The Theatreguide.London Review
& Bring Up The Bodies
Aldwych Theatre Summer 2014
The Royal Shakespeare Company brings from Stratford two stage adaptations by Mike Poulton of Hilary Mantel's novels set in the reign of Henry VIII, and like all successful historical plays and fictions they serve the double role of offering an easy history lesson and imagining personalities and motivations that help make history make sense.
Wolf Hall covers the last years of Henry's marriage to Katherine, and the process of annulling that marriage and allowing him to move on to Anne Boleyn. Bring Up The Bodies picks up the story a few years later when it is Anne's time to give way to Jane Seymour.
In both plays the focus is on the political and legal manoeuvring members of the court have to go through to get the King what and who he wants.
The two full-length plays are being performed in repertory and can be seen separately, though inevitably the second gains resonances from knowledge of the first.
While it may be that everyone knows enough about the basic facts (divorced, beheaded, died . . .) for there to be not much news here, Mantel's real contribution, nicely realised in Poulton's adaptation and Jeremy Herrin's production, lies in her original and convincing imagined characterisations, particularly of the man at the centre of the novels and plays, Thomas Cromwell.
Written off by many historians as a Machiavellian villain, Cromwell is the moral centre of Mantel's fictionalised world, the one man with a clear and generally admirable set of values, which do not, to be sure, keep him from advancing his own agendas and his own best interests.
Fiercely loyal, first to Archbishop Wolsey and then to the King – and, when it suits him, to Anne Boleyn – he uses his considerable organisational and political talent to serve their needs, doing so with special enthusiasm when their desires overlap with his own.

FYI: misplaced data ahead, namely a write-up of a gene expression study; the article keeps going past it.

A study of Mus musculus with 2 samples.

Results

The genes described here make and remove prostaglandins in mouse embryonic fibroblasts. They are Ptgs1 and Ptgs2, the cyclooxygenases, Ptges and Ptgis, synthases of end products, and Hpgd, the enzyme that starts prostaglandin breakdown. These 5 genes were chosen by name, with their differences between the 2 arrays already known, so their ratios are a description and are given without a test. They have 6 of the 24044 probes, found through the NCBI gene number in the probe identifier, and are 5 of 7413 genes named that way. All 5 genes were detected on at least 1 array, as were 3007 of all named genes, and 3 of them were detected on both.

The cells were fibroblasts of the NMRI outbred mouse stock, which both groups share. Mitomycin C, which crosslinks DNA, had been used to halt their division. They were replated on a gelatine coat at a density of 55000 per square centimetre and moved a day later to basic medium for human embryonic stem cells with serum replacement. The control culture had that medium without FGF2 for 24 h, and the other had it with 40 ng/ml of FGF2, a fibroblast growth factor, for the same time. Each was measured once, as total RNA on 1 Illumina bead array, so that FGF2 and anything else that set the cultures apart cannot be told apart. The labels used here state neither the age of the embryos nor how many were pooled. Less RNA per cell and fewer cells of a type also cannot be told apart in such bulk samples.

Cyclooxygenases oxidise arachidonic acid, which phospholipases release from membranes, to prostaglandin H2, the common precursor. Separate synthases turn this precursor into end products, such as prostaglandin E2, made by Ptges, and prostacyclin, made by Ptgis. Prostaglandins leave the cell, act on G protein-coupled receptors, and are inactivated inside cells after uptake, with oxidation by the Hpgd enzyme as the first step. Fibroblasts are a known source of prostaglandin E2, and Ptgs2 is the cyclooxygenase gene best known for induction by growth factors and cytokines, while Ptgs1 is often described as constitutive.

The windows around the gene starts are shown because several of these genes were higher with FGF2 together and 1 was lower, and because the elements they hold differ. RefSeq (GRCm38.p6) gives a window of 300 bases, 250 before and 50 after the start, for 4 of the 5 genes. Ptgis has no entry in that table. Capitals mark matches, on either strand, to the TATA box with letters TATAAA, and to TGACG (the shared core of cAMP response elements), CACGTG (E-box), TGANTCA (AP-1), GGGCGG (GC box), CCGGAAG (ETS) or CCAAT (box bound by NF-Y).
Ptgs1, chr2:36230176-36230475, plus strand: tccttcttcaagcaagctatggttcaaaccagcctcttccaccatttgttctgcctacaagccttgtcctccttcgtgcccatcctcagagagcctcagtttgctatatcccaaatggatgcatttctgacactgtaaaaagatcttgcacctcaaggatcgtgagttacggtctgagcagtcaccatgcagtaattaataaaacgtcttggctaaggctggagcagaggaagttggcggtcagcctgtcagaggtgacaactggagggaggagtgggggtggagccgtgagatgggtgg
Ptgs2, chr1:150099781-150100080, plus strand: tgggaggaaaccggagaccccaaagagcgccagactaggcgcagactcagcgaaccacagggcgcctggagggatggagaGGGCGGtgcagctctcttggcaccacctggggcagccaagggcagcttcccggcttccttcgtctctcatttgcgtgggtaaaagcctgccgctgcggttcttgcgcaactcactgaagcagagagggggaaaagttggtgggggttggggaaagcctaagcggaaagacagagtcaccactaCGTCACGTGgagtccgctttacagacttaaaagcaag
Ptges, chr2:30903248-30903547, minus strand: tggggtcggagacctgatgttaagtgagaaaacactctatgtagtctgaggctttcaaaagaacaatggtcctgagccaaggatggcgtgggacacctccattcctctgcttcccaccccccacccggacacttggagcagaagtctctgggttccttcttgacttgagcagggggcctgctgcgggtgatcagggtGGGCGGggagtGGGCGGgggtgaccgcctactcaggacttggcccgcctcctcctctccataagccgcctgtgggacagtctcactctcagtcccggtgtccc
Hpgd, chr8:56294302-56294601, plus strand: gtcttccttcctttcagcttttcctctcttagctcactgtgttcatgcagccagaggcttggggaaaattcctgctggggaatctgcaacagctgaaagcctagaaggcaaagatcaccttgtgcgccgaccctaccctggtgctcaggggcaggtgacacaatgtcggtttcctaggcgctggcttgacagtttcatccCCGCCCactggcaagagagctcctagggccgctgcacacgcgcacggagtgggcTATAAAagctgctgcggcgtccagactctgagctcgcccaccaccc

Henry wants to annul his marriage to Katherine, and Cromwell is a bit of a Protestant himself, so guiding the King toward a break with Rome achieves two goals. Anne Boleyn is openly ambitious and clearly not to be trusted, but she wants the same thing Henry does, so a temporary alliance with her helps Cromwell serve his master.
Later, in the second play, when Henry is ready to move on to Jane Seymour, Cromwell pursues the charge of adultery against Anne with added fervour and satisfaction because the men allegedly involved are the ones who brought Wolsey down.
The Cromwell of this play is never hypocritical or duplicitous. He serves his masters sincerely, and occasionally at his own expense, though he is expert enough at his job that he usually manages to serve himself at the same time, and actor Ben Miles makes this not only fascinating and attractive in a Richard III kind of way, but actually sympathetic and admirable.
To be fair, very few people in Hilary Mantel's world are hypocritical or duplicitous. In the first play Paul Jesson's Wolsey earnestly attempts to serve king and country and just isn't very good at it; he returns in the second play as a ghost offering good counsel to his protégé.
Nathaniel Parker's Henry is a simple man who makes decisions based on his appetites and then finds reasons for them. He wants to get rid of Katherine, so he convinces himself that their marriage is immoral, and soon he is sincerely guilt-filled and repentant. Having lost interest in Anne, he can only understand her original attraction in terms of witchcraft. Parker makes the man slightly ridiculous but never unsympathetic.
Even Lydia Leonard's Anne Boleyn is open in her ambition and vindictiveness, her only failing (apart from not producing a son) being that she's not as good at the game as Cromwell.
Jeremy Herrin's production reflects Cromwell's moral centrality by making him the physical centre of the play. Ben Miles is onstage almost continually, with each new scene coming to him.
Herrin may be a little less successful in keeping the large cast of characters (many of them played by actors doubling and tripling roles) clear in our minds. But if by the end of the second play you're not quite sure who those guys being executed are and exactly what they did back in the first play to make Cromwell particularly eager to get them, it hardly matters.
The broad sweep of history is clear, and the personalities invented for the principle players are believable, interesting and entertaining. And that's what historical novels and historical plays are for.